Graham Allison: Bush's failed North Korean strategyRoundup: Historians' Take
In the battle of wills between North Korea and the United States, the score is Kim Jong Il, 8; George W. Bush, 0. And yet, the White House doggedly pursues a strategy that has repeatedly failed to achieve American objectives. Despite the overwhelming power of the United States and the abject weakness of North Korea, David has so far bested Goliath with superior strategy and tactics. It’s a situation no one should applaud.
When George W. Bush took office in January 2001, North Korea had two bombs’ worth of plutonium (diverted from Pyongyang in 1990 under the former President Bush). Eight thousand fuel rods with enough plutonium for six bombs resided in cooling ponds, monitored 24 hours a day by International Atomic Energy Agency video cameras. Since 2003, these fuel rods have been reprocessed into six bombs’ worth of plutonium. The Yongbyon reactor, which was shut down several times in the past, is now churning out enough plutonium for two more bombs a year. With its successful nuclear test, the small, poor, backward Hermit Kingdom has forced its way into the nuclear club.
Countries tempted to cheer, even silently, for Kim Jong Il’s besting of the United States should stop and think carefully about the consequences of North Korea’s new nuclear status for their own national interests.
First, North Korea’s test blows a large hole in the long-standing nonproliferation regime. In addition, it badly dents the hope that the U.N. Security Council can restrain rogue behavior. Kim Jong Il is betting that, for all its barking, the Security Council’s bite will be just as toothless as it has been in the past. Kim believes that China and South Korea fear North Korea’s collapse more than they fear Pyongyang’s nuclear weapons—and he is probably right. What Kim Jong Il and others, including Iran’s leadership, are learning from this pattern of successful defiance will fuel further challenges to the international system.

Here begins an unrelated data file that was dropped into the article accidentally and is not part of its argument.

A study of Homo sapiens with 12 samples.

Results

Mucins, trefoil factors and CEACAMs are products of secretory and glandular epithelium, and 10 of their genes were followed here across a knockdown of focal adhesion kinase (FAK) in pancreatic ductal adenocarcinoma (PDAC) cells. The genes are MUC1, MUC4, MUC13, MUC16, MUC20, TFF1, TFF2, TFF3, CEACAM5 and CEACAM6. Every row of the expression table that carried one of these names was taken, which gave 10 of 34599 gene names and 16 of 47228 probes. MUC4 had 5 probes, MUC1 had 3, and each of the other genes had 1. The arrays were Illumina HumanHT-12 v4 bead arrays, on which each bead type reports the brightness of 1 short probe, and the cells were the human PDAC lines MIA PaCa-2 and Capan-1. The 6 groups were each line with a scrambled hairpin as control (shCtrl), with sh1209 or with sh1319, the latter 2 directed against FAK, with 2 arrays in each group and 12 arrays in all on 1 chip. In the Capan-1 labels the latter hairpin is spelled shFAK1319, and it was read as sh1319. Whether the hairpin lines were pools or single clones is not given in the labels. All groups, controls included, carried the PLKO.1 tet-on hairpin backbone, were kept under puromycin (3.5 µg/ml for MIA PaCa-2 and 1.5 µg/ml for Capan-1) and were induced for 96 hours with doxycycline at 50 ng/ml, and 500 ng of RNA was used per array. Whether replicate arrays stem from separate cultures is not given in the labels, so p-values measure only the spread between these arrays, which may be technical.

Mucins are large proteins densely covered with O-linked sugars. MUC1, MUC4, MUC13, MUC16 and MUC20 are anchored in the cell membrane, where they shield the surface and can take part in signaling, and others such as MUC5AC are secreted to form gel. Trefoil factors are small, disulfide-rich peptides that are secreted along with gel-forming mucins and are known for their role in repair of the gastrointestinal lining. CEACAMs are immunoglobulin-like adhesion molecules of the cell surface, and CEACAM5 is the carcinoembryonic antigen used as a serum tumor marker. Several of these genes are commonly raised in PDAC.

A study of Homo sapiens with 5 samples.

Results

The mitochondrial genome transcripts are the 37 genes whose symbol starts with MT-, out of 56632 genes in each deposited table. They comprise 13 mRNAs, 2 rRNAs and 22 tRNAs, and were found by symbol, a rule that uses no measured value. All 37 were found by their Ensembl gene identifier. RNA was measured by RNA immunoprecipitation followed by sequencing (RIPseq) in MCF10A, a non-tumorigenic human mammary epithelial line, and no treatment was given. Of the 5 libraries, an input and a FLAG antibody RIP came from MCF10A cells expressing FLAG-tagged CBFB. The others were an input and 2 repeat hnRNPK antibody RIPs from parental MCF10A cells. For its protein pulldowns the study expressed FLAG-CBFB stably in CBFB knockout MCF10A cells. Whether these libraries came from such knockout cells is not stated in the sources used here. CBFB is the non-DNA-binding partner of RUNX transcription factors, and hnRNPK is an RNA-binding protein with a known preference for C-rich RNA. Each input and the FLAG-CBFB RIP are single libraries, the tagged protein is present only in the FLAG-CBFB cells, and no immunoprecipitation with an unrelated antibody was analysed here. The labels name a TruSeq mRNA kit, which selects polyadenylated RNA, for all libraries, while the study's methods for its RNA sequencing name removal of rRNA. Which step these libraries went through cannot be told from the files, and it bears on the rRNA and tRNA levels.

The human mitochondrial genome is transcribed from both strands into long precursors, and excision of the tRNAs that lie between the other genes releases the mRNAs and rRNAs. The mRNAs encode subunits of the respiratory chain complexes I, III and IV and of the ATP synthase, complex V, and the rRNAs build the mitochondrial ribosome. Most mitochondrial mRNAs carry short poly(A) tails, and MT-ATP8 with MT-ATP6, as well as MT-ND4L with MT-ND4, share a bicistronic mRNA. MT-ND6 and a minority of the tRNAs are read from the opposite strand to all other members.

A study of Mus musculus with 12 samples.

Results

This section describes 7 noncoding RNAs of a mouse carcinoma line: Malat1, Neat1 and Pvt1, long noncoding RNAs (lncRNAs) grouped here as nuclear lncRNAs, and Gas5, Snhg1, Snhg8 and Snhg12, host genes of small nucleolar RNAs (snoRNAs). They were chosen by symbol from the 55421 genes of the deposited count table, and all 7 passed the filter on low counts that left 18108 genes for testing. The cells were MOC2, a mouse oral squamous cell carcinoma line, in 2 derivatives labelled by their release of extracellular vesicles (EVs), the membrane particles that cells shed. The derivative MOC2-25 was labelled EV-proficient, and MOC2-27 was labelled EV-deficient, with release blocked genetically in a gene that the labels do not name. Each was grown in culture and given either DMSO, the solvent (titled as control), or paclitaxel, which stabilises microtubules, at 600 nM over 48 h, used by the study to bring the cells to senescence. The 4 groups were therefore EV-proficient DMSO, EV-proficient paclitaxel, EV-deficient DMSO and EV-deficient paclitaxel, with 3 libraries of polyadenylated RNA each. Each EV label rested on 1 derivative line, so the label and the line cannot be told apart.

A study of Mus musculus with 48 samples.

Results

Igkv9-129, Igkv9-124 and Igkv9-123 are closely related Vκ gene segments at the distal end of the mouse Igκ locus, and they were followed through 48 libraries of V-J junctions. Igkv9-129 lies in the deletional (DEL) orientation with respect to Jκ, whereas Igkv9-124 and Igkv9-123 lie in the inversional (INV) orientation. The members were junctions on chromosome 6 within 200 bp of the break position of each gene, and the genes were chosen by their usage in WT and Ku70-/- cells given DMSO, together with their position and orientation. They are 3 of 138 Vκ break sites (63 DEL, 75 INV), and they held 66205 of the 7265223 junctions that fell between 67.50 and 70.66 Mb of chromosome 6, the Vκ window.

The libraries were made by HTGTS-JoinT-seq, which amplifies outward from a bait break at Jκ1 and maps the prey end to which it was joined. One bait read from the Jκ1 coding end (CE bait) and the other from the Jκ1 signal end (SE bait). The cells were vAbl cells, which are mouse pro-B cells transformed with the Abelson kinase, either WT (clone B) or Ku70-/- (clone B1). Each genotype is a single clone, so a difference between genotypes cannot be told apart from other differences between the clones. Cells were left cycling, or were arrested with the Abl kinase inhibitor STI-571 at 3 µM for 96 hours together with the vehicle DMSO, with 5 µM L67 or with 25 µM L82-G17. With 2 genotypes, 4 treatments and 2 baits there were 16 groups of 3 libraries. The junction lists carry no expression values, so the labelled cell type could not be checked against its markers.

Second, as the U.N. High-Level Panel of 2004 warned, North Korea’s nuclear test is likely, over time, to trigger an East Asian “cascade of proliferation.” In the next few weeks, the U.S. government will launch a major initiative to reassure Japan and South Korea about the reliability of America’s nuclear umbrella. Embarrassed by the failure of their own policies, the governments of South Korea and Japan will speak confidently about the United States’ nuclear deterrent. No need to worry about Kim Jong Il’s nuclear threats, they will tell their citizens, the United States would retaliate massively against such an attack.
Quietly, however, Tokyo and Seoul will be examining “Plan B”: acquiring independent nuclear deterrents. If, despite unambiguous warnings to North Korea, the United States and the world now allow it to develop a nuclear arsenal, America’s ability to deter its use will be in doubt....
Kim Jong Il must be put on notice that the explosion of any nuclear weapon or material of North Korean origin on the territory of the United States or its allies will be treated just like a North Korean nuclear attack and will be met by a full retaliatory response that guarantees that this could never happen again.
It amy be useful to point out that North Korea is only the most recent of the states that has successfully developed nuclear weapons in spite of interantional concerns. Others include Israel, India, and, Pakistan while South Africa opted to end its program after the demise of the apartheid regime. Proliferation will continue as long as the major nuclear states fail to respect their commitments with regard to dismantling their own stockpiles. The mere existence of nuclear arsenals is itself an incentive for proliferation. North Korea is not the problem - the unwillingness of the major nuclear powers to commit themselves to previous commitments about dismantling their arsenals is at the root of the proliferation imperative.